Dine Like a Royal in The Queen City
Sotto transports guests to a subterranean Italian wine cellar
When listing off great culinary cities, Cincinnati might not be the first place one considers, but to write it off would be a mistake. Its downtown district is experiencing a revival, and among the contributing factors is Sotto, which made OpenTable’s List of the 100 Best Restaurants in America.
The Italian eatery is by Chef David Falk, an alum of Chicago’s Spiaggia and the former Charlie Trotter’s, who also worked in Ristorante Paris in Rome, and Ristorante Dulcamara with Chef Pierre Luigi de Campo in Province of Florence.
“Inspired by (Chef David Falk’s) many trips to Italy, the food is real, handmade and authentic,” says Becca Vickery, a spokesperson for the restaurant. “Seven days a week, Sotto is filled with pasta, laughter and rock ‘n roll jamming through the speakers.”
Just looking at the restaurant captivates your imagination and kicks off your experience. The Roaring Twenties era building in which it’s located looks like it came out of one of the scenes from “The Godfather.” The slim, six-level building is two-toned ivy green and brick red. The entrance is located in an enclave, with steps leading down into a basement. It feels like a portal into the world of speakeasies. Except this time around, it’s a bit easier to gain admittance.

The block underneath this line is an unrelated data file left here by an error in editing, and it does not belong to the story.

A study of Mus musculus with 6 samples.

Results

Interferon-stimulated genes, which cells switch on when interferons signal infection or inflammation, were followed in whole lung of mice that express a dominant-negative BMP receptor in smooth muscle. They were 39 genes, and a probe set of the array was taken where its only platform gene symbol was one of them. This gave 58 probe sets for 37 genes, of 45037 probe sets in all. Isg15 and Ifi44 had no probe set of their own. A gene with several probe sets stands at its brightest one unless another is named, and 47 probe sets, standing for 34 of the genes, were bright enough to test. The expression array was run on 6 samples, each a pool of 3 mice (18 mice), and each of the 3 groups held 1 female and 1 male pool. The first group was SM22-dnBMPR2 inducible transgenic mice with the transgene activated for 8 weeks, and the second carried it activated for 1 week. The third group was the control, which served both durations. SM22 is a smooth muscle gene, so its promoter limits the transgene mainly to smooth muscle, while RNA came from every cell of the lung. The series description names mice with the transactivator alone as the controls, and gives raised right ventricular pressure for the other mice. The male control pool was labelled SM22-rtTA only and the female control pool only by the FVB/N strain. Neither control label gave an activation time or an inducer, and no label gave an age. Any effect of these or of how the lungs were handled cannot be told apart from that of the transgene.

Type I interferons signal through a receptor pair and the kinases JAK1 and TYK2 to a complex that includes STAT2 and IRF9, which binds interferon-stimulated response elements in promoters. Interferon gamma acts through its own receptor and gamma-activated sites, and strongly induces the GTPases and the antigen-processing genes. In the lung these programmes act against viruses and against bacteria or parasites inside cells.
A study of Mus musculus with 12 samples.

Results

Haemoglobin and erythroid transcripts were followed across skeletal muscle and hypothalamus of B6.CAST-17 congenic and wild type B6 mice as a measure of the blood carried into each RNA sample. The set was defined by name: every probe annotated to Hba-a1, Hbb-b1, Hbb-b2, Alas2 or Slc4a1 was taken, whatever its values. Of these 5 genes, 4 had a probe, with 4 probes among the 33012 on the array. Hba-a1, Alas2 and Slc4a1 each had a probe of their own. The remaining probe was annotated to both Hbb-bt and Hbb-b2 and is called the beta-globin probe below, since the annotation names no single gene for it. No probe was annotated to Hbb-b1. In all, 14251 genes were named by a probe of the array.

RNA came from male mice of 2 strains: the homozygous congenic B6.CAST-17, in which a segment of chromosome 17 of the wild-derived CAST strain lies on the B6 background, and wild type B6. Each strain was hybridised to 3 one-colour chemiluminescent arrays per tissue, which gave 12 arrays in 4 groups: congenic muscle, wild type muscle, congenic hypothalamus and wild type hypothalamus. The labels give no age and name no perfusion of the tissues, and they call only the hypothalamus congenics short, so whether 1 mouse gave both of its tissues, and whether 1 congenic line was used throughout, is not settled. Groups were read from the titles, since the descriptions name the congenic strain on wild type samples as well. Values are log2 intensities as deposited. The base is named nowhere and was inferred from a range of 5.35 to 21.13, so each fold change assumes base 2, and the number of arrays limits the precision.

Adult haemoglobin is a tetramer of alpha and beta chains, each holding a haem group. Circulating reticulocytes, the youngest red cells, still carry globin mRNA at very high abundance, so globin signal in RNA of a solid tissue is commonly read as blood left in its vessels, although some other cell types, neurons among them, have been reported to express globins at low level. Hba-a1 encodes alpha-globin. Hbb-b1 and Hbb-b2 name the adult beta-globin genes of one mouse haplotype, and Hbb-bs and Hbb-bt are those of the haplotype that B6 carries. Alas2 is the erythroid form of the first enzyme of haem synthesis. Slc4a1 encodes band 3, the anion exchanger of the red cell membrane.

Once inside the former steakhouse, the atmosphere is dark, cozy and mysterious. The antique brick-and-mortar structure reminded Falk of his trips to Italy and inspired the Sotto concept. There’s no cheesy decor or stereotypical music. It’s straightforward in a way that is associated with modest Midwest roots. That’s perhaps what led a then-single Serena Williams and Drake to have a quiet date night at the venue.
“It’s the only place I always make sure to dine in when I’m back home,” says Liza Hill, a Cincinnati native who currently resides in Chicago.
The website promises a menu of “fire, meat, wheat and above all, Italian,” and Sotto delivers. The dinner menu is simple and divided into three categories: appetizers, pasta and meat. Expect to see the skills Falk learned in upscale dining on display in his cacio e pepe, rigatoni made with lamb sausage and a porterhouse steak for groups up to six. Reservations book out up to two months in advance, but that’s evened out with a bar policy that’s always first come first served.
And when it comes to what the bartenders are serving, customers have their selections of wine from the boot-shaped country, or they can opt for an artisanal cocktail like the Il Fumo, a gin-based drink made with cardamaro, sfumato and demerara.
Sotto’s concept is unpretentious and well-thought out. It adds depth to a city that’s rapidly growing, and Falk forces people to see it as something more than the home of Skyline Chili.
“This place is made for getting together with friends and family, noshing on pasta and/or sharing a plate of grilled bread with a complete stranger while lounging at a communal table,” says Vickery. “Nothing extra serious here, except a mean Bolognese.”